What started as a pile of rubble became a patterned driveway that’s not only beautiful but also permeable, meaning winter rains will percolate into the ground instead of spilling into the street.
Steve Gerischer, owner of Larkspur Garden Design in Los Angeles, salvaged old brick and broken concrete from job sites to create a floral-inspired tapestry over his 14-by-40-foot driveway in Glassell Park.
The driveway had been covered with gravel, but over the years it had mostly become dirt. Instead of paving over it, the designer decided to recycle odds and ends that he had on hand.
“I didn’t want all that to go to the landfill,” he says.
He jokingly calls such material “urbanite,” a term he didn’t coin but one that he uses often when talking with clients or his design students at the Los Angeles County Arboretum in Arcadia and the Theodore Payne Foundation for Wildflowers & Native Plants in Sun Valley.
To begin the driveway project, Gerischer excavated 3 to 4 inches of dirt and compacted the remaining soil as his base. He spread 2 inches of road gravel, available at building supply stores (possibly labeled a “50/50" mix of aggregate and sand or “CMB” for crushed miscellaneous base). Then he started arranging the pieces of concrete and brick to create a decorative pattern on top.
“I wanted the design to have a flowing feeling with some movement, so I flared out the bricks around the chunks of concrete,” Gerischer says. “It’s a little like what you see on the beaches of Rio de Janeiro.”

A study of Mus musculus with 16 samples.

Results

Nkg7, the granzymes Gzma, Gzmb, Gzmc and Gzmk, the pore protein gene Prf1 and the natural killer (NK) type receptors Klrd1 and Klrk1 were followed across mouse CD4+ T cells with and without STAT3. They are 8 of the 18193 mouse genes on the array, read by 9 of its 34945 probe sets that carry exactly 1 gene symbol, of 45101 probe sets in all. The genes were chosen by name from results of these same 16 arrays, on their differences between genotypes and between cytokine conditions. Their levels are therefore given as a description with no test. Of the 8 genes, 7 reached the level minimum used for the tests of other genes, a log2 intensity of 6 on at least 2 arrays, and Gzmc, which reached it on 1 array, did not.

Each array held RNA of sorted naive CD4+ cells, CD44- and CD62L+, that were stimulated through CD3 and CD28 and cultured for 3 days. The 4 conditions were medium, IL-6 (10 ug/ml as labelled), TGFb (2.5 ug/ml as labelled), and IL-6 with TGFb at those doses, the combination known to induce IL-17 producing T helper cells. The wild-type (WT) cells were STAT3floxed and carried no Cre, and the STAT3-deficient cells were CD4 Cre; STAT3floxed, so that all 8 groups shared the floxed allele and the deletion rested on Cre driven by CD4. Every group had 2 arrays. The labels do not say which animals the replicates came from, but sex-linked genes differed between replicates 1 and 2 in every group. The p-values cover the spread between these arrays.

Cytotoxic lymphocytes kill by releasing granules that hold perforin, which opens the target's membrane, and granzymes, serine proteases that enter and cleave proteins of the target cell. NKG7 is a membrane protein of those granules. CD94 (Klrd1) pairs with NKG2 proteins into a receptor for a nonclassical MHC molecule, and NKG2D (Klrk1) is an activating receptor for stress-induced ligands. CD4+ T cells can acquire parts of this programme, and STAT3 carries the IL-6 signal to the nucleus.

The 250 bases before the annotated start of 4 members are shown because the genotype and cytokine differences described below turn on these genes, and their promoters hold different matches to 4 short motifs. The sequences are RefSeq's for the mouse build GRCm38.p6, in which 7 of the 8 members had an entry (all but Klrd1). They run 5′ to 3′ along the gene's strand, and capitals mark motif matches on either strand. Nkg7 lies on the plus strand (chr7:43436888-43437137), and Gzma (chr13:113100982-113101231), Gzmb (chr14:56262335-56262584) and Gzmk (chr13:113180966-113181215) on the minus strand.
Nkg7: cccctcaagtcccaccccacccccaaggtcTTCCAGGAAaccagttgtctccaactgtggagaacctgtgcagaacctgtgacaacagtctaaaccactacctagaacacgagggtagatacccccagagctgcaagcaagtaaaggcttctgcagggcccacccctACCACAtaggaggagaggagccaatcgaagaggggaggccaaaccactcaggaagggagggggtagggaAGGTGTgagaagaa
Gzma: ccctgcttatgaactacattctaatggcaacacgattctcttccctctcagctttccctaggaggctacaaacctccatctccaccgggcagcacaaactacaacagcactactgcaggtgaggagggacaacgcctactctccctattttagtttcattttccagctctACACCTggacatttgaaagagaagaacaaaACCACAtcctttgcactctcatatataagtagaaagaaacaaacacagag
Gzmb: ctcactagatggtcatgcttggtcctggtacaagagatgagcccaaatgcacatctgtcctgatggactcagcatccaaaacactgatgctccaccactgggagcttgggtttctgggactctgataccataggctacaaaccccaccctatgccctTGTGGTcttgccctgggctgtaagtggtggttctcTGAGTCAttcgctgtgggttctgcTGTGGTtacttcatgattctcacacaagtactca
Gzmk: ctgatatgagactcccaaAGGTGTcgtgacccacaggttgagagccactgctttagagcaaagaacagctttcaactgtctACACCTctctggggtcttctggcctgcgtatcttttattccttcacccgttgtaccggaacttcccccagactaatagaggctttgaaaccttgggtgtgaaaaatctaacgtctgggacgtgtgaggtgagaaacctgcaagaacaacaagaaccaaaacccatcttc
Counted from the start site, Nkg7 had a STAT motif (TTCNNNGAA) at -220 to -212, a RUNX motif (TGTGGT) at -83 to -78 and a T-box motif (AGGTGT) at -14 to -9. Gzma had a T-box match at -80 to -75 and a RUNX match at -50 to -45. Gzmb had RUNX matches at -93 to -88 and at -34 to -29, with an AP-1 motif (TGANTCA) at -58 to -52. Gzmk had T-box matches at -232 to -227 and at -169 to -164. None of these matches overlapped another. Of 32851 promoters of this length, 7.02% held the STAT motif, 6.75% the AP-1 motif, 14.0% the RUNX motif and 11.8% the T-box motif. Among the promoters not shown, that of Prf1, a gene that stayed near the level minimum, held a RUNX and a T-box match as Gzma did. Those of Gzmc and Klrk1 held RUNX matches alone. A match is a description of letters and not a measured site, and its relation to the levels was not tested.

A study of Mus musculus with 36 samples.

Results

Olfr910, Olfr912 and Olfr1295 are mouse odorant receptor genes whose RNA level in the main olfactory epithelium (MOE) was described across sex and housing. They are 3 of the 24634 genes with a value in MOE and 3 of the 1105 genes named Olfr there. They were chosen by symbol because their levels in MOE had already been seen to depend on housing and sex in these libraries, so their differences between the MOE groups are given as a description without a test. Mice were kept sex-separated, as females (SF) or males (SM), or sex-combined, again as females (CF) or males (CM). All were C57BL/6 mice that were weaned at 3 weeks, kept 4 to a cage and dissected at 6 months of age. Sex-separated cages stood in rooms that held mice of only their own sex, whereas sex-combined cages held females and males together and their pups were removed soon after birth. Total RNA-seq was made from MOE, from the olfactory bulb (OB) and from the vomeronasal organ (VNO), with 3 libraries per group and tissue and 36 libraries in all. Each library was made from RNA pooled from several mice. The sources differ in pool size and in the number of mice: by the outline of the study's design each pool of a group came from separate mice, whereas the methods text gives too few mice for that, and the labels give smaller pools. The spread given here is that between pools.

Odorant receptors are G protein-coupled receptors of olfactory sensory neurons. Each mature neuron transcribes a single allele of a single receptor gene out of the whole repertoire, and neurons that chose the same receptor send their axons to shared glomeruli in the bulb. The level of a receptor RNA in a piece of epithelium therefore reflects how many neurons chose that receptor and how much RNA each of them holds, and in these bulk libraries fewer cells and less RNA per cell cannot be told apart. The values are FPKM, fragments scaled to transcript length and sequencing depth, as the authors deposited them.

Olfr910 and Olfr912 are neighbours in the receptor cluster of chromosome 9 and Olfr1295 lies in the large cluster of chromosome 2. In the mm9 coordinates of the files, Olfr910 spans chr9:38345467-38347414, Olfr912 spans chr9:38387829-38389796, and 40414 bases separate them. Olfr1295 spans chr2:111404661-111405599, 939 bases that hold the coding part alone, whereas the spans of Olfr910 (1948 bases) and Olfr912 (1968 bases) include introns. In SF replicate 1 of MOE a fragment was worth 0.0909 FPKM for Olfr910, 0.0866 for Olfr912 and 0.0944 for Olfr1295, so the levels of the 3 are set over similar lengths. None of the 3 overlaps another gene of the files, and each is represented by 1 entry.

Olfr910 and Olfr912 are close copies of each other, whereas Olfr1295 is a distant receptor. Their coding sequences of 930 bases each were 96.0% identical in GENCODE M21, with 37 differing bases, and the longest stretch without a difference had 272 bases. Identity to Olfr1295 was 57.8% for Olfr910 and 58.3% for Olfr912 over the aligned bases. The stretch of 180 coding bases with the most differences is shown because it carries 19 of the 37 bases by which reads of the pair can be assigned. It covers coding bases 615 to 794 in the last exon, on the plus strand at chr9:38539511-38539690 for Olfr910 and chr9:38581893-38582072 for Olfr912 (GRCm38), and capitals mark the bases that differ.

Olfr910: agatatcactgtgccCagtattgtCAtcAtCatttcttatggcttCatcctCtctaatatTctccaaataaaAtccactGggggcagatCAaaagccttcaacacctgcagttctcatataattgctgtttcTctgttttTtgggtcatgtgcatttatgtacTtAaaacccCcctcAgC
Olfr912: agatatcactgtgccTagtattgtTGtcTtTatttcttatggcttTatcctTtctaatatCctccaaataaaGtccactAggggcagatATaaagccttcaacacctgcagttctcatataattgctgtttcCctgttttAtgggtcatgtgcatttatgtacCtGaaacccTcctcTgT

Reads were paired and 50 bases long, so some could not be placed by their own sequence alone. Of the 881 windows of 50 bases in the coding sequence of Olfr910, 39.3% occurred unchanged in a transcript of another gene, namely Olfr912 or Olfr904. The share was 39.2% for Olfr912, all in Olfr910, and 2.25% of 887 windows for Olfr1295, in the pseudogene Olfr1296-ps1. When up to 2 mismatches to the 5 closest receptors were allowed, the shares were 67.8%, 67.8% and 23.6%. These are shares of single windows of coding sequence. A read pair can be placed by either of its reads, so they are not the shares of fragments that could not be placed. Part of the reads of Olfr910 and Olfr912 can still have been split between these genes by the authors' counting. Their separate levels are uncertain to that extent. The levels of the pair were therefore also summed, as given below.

Here are other tricks to make the design sturdy, so pieces don’t pop up or wiggle under tires or feet:
Show the best. Turn bricks on edge, so they will sink deeper into the gravel. Gerischer hid broken edges or corners, exposing only the best edges to the eye.
Imagine traffic. Use larger chunks of concrete in key areas. “All of my large pieces are in line with where my truck tires will go,” he says.
Stabilize the pieces. Spread road gravel between bricks and concrete. Wet down each section as you work. “When you wet the sandy mixture, you can wiggle the urbanite or brick pieces around until they stop moving. Then fill in spaces with more gravel or brush in more sand,” he says. Gerischer also wedged bits of broken terra-cotta pottery as a stabilizer.
Top off the design. Brush fine sand between remaining cracks and crevices. Gerischer uses play sand or plaster sand. He does not use sand with silica because it can harm plants.
Leave gravel pockets. You’ll encourage wildflowers or volunteers to seed.
If you’re on the lookout for broken concrete or raw materials such as broken pottery or brick, Gerischer suggests checking Craigslist. Some cities or utility districts allow homeowners to pick up ingredients for free from job sites. Bourget Bros. Building Materials in Santa Monica also sells sorted broken concrete.
Gerischer estimates that he spent $250 (mostly on sand and gravel) to transform his driveway. To contact him, e-mail sglark email@example.com.